Jan 19, 2013; New Orleans, LA, USA; A general view of a Super Bowl banner outside the Hyatt hotel as preparations are made for Super Bowl XLVII between the Baltimore Ravens and the San Francisco 49ers at the Mercedes-Benz Superdome. Mandatory Credit: Derick E. Hingle-USA TODAY Sports
The Super Bowl is the biggest spectacle in the world for now, and the forseeable future. However, as most of us know, the Super Bowl didn’t exist forever. Specifically, the date is June 8, 1966, and it wasn’t the Super Bowl right away. Let me remind our younger readers what I mean.
A brief history recap for the younger readers out there. After the NFL began doing business, many startups tried to emulate the NFL to create competition. However, no league was successful until the AFL came along. No, not the Arena Football League, but the American Football League.
The AFL’s biggest secret was sharing TV money. The AFL actually came up with this concept before the NFL did, and the NFL copied. The result of dividing TV contracts evenly between the teams was a lot of money, and thus the ability to bring in star players. Players all of a sudden were heading to this rival league, and the NFL had a problem. How long until they lost significant crowds?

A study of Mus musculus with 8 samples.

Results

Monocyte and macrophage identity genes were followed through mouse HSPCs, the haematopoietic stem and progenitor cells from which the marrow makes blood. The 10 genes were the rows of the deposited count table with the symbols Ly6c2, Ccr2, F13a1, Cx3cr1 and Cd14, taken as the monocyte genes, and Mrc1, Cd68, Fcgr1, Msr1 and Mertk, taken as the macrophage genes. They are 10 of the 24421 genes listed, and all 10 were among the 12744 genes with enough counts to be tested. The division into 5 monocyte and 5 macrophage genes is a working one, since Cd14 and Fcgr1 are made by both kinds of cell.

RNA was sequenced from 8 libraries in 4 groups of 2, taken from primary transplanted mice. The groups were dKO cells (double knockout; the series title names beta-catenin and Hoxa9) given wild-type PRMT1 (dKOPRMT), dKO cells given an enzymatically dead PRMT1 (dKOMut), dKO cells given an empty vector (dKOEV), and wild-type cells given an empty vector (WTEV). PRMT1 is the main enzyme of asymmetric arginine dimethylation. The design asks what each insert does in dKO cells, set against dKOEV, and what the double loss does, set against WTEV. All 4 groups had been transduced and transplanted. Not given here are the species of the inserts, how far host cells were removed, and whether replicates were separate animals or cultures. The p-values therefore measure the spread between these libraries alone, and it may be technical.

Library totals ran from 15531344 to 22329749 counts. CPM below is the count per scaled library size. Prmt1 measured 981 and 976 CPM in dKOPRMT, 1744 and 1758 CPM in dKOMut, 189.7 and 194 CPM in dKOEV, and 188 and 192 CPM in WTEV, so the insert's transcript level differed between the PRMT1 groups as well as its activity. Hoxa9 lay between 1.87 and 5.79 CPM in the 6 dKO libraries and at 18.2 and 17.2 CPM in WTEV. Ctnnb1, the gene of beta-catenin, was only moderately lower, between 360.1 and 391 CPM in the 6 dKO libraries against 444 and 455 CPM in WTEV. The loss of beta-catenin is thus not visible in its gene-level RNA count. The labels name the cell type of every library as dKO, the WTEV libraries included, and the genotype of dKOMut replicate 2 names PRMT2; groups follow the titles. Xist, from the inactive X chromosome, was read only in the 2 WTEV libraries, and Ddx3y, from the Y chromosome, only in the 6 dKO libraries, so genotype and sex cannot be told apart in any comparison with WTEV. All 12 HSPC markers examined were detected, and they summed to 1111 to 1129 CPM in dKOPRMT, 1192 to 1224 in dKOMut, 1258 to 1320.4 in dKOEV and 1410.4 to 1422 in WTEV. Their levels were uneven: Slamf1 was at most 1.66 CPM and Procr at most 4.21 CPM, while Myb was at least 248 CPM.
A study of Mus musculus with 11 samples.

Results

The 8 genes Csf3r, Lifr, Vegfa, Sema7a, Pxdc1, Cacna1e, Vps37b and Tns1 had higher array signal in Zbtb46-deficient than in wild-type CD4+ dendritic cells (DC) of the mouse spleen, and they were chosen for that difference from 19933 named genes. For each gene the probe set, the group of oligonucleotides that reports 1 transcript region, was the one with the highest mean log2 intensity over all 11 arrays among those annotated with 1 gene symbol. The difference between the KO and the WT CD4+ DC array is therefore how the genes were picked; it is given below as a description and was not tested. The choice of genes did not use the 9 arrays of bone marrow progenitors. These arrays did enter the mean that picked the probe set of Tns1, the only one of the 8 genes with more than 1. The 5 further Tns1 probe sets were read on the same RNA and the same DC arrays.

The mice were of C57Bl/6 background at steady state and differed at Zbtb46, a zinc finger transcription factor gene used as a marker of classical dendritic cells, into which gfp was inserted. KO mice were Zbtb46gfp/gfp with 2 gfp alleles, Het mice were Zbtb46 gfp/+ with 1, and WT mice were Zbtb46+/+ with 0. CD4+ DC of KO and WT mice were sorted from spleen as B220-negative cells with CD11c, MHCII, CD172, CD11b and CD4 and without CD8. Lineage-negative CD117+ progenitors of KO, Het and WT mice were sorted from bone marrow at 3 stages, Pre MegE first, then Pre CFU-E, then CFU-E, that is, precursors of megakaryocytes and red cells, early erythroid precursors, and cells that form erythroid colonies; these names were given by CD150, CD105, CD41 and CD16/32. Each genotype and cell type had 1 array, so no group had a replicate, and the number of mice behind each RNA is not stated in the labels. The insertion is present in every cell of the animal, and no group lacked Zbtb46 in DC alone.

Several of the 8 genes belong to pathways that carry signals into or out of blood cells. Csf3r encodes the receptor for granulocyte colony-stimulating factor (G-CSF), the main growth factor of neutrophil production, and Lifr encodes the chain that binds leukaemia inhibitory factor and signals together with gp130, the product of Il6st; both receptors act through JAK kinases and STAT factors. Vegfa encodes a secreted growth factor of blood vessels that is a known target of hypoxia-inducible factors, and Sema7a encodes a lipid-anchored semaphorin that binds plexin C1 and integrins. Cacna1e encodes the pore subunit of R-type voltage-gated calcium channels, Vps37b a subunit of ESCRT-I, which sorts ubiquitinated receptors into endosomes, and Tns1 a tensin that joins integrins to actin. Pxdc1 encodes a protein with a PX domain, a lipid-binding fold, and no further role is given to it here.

Rumblings about a merger between the two leagues had begun earlier that year. Many think that the Jets were responsible for the merger, but they really weren’t. Joe Namath and the Jets were more responsible for the success of the merger, but the merger was already set up.
So, in June 8, 1966, the merger was agreed upon between the two leagues, and they also agreed that, starting with the upcoming 1966 season, there would be a title game between the two league champions.
That later became the Super Bowl. On this date in New York Jets’ history, June 8, 1966.